Publication Date : 16-02-2013
Warning of the possibility of a new arms race in the region, analysts said negotiations are the way to ease tensions on the Korean Peninsula.
Their comments came as Seoul and Tokyo issued stern warnings on Friday and toughened their military stances.
Zhang Tuosheng, a researcher at the China Foundation for International and Strategic Studies, said Washington and its allies are seeking to handle the nuclear issue by toughening sanctions and resuming the Six-Party Talks.
"Diplomatic approaches on various levels are needed right now. The UN Security Council should play the most direct and effective role, envoys of the Six-Party Talks should have more contact and diplomatic interactions will be more dynamic in the upcoming days," Zhang said.
Charles Armstrong, a professor of history and director of the Centre for Korean Research at Columbia University, said negotiations are still a better way than sanctions to solve the long-standing crisis, and it is not realistic to expect new sanctions would be any more effective than previous ones.
"The only realistic way forward, as difficult as it may be to imagine now, is to bring Pyongyang into negotiations with the US and other countries to resolve the nuclear issue," he said.
China in the past few days beefed up its diplomatic communications with world leaders, trying to prevent the crisis from spiraling out of control.
UN chief Ban Ki-moon and US Secretary of State John Kerry on Thursday called on the international community to act quickly and with unity in the wake of Pyongyang's third nuclear test on Tuesday.
Ban described the test as a "direct challenge to the international community", and he encouraged the UN Security Council to "act with unity" and to take appropriate measures as soon as possible.
Kerry said the test by the Democratic People's Republic of Korea "warrants a strong, a swift, and a credible response from the global community", and he vowed to ramp up coordination with Six-Party Talks partners China, the Republic of Korea, Japan and Russia.
The UN Security Council is still in the process of discussing punitive measures against the DPRK while the US and its allies are seeking another set of tough sanctions.
Meanwhile, the ROK military held an artillery exercise on Friday in an area close to the DPRK to deter Pyongyang, ROK Defence Ministry spokesman Kim Min-seok told reporters, Kyodo News Agency reported.
The exercise, including K-9 self-propelled artillery and multi-rocket launchers, was to show the military's "strong determination" to respond to the DPRK's provocations, the spokesman said.
In Tokyo, Japanese Defence Minister Itsunori Onodera told Reuters that Japan is allowed under the law to carry out strikes against enemy targets "when an intention to attack Japan is evident, the threat is imminent and there are no other options", despite Tokyo having no plan to do so now.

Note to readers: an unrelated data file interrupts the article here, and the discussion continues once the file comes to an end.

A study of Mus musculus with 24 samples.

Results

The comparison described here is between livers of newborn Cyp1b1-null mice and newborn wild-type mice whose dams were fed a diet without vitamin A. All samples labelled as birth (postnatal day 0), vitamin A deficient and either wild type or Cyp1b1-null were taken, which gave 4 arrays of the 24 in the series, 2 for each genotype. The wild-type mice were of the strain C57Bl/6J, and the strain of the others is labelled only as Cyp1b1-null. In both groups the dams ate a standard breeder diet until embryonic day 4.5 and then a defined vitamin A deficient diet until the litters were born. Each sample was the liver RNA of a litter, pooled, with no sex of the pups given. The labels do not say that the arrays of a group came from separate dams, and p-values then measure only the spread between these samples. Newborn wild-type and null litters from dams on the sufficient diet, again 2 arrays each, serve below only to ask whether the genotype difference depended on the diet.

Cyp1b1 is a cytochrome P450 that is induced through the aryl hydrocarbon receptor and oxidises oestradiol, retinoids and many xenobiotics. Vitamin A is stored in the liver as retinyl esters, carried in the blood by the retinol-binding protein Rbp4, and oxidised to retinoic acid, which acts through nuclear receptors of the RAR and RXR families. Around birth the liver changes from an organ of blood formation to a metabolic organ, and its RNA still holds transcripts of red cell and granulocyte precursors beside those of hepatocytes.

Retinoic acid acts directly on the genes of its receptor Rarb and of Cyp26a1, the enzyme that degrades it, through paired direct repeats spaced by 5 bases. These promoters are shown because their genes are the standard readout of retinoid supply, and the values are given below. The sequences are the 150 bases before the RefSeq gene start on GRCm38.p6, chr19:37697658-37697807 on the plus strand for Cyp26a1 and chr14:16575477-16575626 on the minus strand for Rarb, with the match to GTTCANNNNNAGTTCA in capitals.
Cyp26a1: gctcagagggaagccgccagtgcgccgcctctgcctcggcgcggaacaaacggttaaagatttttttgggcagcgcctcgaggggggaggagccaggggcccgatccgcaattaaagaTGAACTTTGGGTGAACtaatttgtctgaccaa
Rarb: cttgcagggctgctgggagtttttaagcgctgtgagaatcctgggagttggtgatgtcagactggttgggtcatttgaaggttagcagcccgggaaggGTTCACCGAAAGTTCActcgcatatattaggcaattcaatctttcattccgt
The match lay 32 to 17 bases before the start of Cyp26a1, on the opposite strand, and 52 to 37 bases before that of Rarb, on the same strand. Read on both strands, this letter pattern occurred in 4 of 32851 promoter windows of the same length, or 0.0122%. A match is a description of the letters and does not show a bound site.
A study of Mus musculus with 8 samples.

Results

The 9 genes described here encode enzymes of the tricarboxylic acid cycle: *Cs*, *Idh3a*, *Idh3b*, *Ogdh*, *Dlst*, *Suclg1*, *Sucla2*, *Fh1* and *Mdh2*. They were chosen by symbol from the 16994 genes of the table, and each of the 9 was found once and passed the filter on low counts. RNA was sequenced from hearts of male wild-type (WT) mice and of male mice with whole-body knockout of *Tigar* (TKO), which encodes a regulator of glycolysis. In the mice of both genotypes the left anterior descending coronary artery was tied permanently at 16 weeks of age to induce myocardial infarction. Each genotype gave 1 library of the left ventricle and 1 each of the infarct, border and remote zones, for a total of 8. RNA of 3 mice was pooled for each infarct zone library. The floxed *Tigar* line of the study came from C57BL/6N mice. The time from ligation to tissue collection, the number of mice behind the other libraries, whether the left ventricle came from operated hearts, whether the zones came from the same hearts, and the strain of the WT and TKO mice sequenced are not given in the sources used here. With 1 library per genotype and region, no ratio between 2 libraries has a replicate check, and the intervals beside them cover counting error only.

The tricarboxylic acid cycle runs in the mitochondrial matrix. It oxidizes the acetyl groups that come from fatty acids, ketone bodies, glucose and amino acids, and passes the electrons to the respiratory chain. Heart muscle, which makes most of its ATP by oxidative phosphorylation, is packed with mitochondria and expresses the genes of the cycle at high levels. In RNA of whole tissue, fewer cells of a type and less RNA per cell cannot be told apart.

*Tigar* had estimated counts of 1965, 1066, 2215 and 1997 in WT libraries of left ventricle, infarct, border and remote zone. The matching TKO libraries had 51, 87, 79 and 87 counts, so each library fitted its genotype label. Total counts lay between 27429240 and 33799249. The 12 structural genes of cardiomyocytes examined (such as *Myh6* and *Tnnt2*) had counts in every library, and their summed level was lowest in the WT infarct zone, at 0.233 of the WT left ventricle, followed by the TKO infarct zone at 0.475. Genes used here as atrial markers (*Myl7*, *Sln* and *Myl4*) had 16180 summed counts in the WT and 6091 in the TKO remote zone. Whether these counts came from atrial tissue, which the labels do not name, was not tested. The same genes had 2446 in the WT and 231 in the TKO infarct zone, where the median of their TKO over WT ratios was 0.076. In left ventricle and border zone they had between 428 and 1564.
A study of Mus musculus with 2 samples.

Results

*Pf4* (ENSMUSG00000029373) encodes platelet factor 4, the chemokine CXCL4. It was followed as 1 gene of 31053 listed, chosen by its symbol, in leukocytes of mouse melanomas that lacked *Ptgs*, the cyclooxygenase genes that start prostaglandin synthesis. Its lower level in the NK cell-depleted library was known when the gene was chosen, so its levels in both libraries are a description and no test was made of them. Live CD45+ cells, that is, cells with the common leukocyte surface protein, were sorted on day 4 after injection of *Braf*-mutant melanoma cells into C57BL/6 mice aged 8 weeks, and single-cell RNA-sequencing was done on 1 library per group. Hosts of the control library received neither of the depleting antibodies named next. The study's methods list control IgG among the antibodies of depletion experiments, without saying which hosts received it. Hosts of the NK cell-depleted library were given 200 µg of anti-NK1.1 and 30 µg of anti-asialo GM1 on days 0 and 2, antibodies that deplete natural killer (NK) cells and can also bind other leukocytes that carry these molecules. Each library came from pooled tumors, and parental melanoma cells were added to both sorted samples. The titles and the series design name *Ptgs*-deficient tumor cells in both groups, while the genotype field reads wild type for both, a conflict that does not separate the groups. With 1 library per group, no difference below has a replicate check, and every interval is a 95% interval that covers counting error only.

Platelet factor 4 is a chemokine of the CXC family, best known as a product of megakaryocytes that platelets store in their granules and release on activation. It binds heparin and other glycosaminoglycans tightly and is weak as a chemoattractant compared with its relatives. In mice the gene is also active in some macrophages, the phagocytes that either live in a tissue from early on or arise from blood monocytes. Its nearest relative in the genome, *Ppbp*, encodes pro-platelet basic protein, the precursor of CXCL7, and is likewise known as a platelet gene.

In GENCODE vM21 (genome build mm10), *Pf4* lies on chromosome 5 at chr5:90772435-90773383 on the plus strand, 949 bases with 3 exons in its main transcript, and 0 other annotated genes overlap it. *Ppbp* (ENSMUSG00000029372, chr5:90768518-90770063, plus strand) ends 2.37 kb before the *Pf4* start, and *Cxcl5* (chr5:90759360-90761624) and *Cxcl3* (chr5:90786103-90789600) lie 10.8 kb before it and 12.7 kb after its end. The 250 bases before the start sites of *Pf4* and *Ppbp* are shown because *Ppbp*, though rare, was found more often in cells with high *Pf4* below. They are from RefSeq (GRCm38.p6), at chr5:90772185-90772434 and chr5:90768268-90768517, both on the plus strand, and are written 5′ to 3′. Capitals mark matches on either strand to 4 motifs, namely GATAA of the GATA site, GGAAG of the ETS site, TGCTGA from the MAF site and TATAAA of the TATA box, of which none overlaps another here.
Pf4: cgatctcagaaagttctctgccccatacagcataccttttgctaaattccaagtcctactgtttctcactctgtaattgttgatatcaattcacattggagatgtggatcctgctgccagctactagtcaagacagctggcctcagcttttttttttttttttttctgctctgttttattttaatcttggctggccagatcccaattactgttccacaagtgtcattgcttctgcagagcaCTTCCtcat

Zhang Xiao'an, vice-president of the United Nations Association of China, warned that some countries may use the nuclear test as an excuse for a new arms race in the region.
"The relevant parties should also give due consideration to regional security concerns," Zhang Xiao'an said.
The Japanese upper house on Friday adopted a resolution strongly denouncing the nuclear test and said Pyongyang should "totally abandon" its nuclear program immediately, Japan's Jiji Press reported.
Seoul may impose new sanctions against the DPRK before Park Geun-hye takes office on February 25, the ROK's Yonhap News Agency quoted an unnamed government source as saying on Friday.
The source said the sanctions are independent of those being deliberated at the UN Security Council and could be announced in the coming days "under the incumbent Lee Myung-bak administration".
Scott Snyder, a senior fellow for Korean studies and director of the program on US-Korea policy at the Council on Foreign Relations in the US, believes that sanctions alone will not work with the DPRK, but they may be effective in slowing or delaying its procurement of items from abroad that could be used to advance nuclear and missile programs.
In Beijing, Foreign Minister Yang Jiechi engaged in a series of phone calls with his counterparts after the Foreign Ministry said on Tuesday that China was "strongly dissatisfied with" and "firmly opposed to" the test.
Ted Galen Carpenter, senior fellow for defence and foreign policy studies at the Cato Institute, said: "China and the US need to work together on a new strategy, especially on Washington's part, to bring a nuclear-armed DPRK into cooperative international arrangements."
More than 100,000 troops and civilians on Thursday staged a mass rally in Pyongyang to celebrate the nuclear test, the Korean Central News Agency said.
Liu Yedan in Beijing and Reuters contributed to this story.